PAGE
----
Former Farming Minister George Eustice has said the US should be required to pass a federal law recognising animal sentience before any trade deal with the UK can be signed.
The Camborne and Redruth MP also described American attitudes to farm animal welfare as ‘very backward’, in an intervention which is unlikely to be well-received in Washington.
Mr Eustice made the suggestion, which Defra Secretary Michael Gove said was a ‘very good point’, during Defra Questions in the House of Commons last week (March 28).
But Vicki Hird, food and farming campaign co-ordinator at Sustain, suggested the proposal was unlikely to be accepted by the USA.
She said: “UK consumer fears about chlorine chicken and hormone-treated beef are not just about food safety but animal welfare. Unlike the EU, the US specifically excludes farm animals from its animal welfare legislation.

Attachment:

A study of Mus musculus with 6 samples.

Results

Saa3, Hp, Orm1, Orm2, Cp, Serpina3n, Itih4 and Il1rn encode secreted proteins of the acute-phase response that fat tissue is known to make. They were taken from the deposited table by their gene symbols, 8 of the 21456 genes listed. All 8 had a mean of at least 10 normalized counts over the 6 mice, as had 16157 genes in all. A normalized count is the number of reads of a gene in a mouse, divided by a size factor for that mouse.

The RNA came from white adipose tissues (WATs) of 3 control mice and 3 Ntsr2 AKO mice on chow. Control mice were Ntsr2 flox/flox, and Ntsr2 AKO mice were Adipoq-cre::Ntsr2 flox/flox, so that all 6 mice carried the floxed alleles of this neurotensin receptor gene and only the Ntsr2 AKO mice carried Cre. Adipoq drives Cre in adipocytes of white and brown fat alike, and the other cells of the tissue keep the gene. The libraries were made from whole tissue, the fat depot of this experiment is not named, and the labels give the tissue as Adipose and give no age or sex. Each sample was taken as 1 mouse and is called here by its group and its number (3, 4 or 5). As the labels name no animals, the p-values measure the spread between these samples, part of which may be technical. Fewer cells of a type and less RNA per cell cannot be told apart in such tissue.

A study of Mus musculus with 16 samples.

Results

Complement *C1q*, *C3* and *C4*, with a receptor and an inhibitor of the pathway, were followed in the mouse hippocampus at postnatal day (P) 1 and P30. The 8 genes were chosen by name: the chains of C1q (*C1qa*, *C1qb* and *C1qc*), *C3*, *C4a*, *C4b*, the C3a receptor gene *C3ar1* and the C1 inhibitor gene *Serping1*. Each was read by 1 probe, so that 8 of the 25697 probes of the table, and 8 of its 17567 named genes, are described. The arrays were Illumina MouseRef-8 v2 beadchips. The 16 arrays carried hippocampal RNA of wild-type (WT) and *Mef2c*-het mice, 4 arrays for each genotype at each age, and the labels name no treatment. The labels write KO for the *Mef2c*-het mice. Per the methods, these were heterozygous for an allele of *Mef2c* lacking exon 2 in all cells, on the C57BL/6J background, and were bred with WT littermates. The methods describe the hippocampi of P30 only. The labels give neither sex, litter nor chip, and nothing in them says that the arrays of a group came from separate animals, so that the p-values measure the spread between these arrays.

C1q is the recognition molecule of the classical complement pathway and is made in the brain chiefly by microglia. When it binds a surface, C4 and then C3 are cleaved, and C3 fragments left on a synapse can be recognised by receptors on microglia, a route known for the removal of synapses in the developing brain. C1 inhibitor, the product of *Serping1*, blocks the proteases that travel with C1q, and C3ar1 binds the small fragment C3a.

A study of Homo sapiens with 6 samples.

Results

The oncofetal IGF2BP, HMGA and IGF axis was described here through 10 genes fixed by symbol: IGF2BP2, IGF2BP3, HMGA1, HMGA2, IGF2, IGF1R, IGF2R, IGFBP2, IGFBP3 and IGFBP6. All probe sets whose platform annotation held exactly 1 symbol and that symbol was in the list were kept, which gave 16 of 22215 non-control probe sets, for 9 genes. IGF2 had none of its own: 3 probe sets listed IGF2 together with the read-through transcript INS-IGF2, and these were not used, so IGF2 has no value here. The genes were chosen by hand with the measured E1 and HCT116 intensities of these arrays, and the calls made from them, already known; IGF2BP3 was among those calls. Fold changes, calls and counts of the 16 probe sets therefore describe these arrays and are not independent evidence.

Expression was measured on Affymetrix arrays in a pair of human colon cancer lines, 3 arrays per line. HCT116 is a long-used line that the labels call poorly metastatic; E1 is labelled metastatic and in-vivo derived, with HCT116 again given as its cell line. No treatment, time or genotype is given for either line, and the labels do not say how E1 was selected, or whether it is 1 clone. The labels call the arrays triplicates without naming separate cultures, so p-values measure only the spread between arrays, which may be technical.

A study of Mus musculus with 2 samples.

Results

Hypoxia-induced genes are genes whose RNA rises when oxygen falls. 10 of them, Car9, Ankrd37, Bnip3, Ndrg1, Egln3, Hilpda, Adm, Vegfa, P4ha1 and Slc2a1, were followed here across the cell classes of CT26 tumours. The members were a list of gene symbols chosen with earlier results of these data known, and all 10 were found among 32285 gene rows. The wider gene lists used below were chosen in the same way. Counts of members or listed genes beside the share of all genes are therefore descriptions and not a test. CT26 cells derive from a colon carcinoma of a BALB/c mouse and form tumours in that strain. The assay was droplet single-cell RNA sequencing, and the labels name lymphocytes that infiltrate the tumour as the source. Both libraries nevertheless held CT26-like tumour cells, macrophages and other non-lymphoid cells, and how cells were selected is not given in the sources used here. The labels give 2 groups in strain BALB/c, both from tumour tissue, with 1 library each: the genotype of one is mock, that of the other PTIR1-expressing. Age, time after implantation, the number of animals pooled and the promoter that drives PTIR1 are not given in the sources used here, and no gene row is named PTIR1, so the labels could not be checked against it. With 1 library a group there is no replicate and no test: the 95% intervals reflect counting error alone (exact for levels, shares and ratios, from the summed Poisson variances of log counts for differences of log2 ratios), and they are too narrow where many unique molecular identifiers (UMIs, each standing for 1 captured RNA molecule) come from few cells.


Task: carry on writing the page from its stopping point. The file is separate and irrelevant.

“Two years ago the Government said it would pass an Animal Sentience Bill before we exited the EU to ensure animal welfare standards were maintained as we left.
“This is yet to happen and through new trade deals we could end up propping up farming systems which treat animals very poorly.
“While unlikely to be accepted, George Eustice’s idea chimes with UK consumers’ expectations about what ends up on their plate.”
NFU Brexit director Nick von Westenholz also told Farmers Guardian the UK should take a ‘robust’ approach to post-Brexit trade negotiations which would see other countries commit to adopt the same high animal welfare and environmental standards met by domestic producers.
“Otherwise, we risk importing food which would have been produced in a manner that would be illegal for our own farmers,” he added.